A sad tale is best for Winter.

The Winter’s Tale. RSC. Courtyard Theatre. Stratford Upon Avon. 30 August 2009.
I love The Winter’s Tale. I know I talk about this quite a lot but it is one of my favourite Shakespeare plays: The possibility of redemption for even those who have made huge, glaring, gut-wrenchingly immense mistakes. Hope for us all.

I had heard a few mixed reviews of this production so I did not have incredibly high expectations before heading along. My old Shakespeare sparring buddy had pulled a face when we talked about it; but then she often does that. I recall quite vividly a heated debate about Leontes (she didn’t want to let him off the hook) so I wandered into the courtyard (rapidly becoming my second home) not necessarily looking forward to what I was about to see.

And then the play began and the starkness and tragedy of the first half bowled me over like a freight train. Greg Hicks (Now officially renamed ‘mighty’ by me) was an excellent Leontes; tetchy, passionate, broken, pathetic (In both the actual and everyday sense of the word) and verging on insanity. Katherine Hunter was a restrained Hermione but NOMA DUMEZWENI as Paulina was as sharp as a stiletto.

As the shattering first half rattles to its conclusion the weighty tomes on the shelves surrounding this centre of stability comes crashing down: the chandelier smashes and everything goes awry, nearly collapsing on Leontes as he stalks off stage into the tempestuous wind which blows as the world of order collapses.

However as good old faithful Camillo gets eaten up by the bear (actually very scary in this production; made of paper with glowing eyes as it emerged from the dark) the second half of the play began to falter. Now to be fair this often happens-the transition from tragedy to comedy often wanes but it was the sadly lack-lustre performance from the two young lovers which held this back. For a couple of young lovers flirting and edging round their youthful passions they could have been talking about- I don’t know blancmange, or crochet or fish fingers for all the intensity of their conversations. Following this was there was the less than subtle dance at the sheep shearing which owed more to Big Brother than the pastoral idyll.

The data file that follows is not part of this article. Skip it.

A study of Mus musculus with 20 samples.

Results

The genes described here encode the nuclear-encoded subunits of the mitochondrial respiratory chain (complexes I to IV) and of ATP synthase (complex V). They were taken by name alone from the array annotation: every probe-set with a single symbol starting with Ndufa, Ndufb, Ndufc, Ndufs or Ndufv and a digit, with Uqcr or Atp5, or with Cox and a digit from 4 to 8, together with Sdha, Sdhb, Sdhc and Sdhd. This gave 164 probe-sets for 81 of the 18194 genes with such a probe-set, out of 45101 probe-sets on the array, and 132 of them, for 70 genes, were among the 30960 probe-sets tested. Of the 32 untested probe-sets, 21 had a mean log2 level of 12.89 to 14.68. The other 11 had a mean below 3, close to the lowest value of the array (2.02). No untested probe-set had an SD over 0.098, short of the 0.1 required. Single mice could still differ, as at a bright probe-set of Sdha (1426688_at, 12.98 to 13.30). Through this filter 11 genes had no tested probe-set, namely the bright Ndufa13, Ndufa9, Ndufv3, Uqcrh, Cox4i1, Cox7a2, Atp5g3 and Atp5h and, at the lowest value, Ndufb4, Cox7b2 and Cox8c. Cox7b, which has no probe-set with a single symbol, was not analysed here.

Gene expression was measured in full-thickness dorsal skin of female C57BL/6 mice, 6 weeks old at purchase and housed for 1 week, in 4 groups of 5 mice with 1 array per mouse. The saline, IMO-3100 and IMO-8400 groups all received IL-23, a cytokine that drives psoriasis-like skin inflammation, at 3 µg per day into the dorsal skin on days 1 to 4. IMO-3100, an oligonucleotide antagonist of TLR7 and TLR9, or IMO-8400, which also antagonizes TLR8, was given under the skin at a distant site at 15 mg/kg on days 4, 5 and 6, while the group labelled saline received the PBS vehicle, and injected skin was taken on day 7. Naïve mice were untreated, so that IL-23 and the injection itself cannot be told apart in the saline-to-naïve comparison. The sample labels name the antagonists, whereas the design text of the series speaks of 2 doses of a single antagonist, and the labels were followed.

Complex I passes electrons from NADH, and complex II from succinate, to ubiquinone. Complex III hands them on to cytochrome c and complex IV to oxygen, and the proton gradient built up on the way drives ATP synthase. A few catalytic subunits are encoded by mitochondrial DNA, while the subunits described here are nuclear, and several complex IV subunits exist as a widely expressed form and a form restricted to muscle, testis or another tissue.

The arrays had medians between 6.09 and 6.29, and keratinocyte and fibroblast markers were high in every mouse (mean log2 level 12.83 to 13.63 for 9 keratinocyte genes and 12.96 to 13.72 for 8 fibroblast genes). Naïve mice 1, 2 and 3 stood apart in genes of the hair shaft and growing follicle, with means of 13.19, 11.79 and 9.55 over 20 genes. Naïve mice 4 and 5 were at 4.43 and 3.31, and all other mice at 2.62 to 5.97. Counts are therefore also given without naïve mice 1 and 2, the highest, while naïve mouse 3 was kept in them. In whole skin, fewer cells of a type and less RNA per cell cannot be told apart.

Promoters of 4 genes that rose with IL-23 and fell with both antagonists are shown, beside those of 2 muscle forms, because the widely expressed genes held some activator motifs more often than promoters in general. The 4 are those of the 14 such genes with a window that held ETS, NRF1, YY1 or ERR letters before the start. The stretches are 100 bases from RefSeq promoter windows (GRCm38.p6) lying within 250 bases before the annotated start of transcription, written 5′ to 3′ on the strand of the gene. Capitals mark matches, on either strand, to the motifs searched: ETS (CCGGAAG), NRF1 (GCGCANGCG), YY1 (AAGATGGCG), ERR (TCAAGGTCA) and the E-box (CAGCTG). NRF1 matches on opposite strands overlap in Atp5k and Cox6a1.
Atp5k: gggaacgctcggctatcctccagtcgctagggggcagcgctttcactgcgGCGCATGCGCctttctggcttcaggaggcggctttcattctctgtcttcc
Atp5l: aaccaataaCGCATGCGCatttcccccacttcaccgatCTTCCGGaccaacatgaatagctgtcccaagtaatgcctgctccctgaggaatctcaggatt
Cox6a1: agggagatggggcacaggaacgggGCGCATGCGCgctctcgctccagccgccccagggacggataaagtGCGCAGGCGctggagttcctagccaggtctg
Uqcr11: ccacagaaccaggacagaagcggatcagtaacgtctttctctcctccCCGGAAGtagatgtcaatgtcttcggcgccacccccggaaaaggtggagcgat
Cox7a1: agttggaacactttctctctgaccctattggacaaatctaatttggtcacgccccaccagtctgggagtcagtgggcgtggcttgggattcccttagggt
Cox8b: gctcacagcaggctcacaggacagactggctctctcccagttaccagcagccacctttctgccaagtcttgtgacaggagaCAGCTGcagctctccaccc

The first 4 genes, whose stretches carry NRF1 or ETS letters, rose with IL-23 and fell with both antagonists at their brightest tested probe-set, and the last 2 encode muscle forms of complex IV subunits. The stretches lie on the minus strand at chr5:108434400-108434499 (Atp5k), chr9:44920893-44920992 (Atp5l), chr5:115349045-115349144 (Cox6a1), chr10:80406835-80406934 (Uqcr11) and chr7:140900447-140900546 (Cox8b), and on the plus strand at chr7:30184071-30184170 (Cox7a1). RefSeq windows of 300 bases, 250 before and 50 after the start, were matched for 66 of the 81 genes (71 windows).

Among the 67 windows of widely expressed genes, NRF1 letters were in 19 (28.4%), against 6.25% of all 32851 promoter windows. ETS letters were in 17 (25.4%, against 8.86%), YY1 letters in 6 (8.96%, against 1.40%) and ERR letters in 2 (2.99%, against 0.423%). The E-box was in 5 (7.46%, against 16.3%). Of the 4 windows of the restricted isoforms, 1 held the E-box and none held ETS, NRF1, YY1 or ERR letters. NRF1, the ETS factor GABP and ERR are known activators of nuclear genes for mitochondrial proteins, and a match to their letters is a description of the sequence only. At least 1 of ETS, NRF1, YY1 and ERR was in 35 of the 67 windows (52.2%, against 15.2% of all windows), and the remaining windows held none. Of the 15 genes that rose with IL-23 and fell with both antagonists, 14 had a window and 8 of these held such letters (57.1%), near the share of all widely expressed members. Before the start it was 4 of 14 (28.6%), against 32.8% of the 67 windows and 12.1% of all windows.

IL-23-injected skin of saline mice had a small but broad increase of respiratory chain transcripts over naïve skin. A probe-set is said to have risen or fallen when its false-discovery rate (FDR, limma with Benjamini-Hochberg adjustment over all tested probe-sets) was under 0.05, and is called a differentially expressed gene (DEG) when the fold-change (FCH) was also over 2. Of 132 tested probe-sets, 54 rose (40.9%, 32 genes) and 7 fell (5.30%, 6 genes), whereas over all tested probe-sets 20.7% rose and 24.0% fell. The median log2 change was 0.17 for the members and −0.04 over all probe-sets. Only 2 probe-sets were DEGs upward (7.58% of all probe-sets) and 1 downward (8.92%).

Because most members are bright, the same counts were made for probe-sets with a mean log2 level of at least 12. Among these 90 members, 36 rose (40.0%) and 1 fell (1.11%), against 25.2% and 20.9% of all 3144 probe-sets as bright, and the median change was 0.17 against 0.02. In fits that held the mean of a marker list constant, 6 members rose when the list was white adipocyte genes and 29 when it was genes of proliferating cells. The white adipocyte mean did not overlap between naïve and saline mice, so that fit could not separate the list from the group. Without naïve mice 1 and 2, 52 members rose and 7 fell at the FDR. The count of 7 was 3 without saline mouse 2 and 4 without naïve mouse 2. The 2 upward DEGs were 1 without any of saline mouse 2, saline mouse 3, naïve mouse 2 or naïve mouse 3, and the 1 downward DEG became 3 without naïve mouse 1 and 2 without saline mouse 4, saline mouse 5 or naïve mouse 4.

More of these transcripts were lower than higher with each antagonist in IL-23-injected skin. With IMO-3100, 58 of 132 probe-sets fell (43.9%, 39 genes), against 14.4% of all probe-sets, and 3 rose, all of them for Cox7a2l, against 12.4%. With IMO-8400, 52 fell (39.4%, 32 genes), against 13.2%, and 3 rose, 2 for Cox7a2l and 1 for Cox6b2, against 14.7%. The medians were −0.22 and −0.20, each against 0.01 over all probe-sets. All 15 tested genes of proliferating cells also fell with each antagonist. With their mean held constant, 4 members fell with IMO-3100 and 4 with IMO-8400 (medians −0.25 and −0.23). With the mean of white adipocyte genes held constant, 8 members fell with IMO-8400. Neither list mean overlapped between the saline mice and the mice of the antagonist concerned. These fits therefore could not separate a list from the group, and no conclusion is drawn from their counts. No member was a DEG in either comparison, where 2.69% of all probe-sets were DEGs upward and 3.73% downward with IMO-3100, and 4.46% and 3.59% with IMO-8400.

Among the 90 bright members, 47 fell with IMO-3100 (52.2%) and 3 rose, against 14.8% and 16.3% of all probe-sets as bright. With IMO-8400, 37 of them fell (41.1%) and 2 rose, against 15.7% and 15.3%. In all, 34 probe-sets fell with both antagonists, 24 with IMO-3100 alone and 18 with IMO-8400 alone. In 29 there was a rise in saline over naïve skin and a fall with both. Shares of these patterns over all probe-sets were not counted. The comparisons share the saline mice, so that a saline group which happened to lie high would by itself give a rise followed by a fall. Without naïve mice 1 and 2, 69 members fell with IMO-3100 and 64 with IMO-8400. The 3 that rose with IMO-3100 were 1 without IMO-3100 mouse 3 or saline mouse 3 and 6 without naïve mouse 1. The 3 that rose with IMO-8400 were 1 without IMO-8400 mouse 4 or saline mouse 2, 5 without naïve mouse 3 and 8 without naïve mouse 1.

I was grateful to get back to the dark, cold land of Leontes. There was a delightful moment when Leontes and his daughter go to see the statue where he hesitantly and with some disbelief puts his hand onto his daughter’s shoulder. A small gesture but brim full of such intense feeling it made me sniffle into my sleeve. And as the statute comes to life and the audience are reassured that life can give people a second chance, I was not the only one with a trickle of brinish tears.

All in all Shakespeare’s brilliant play gets across, but it could have done with a better second half.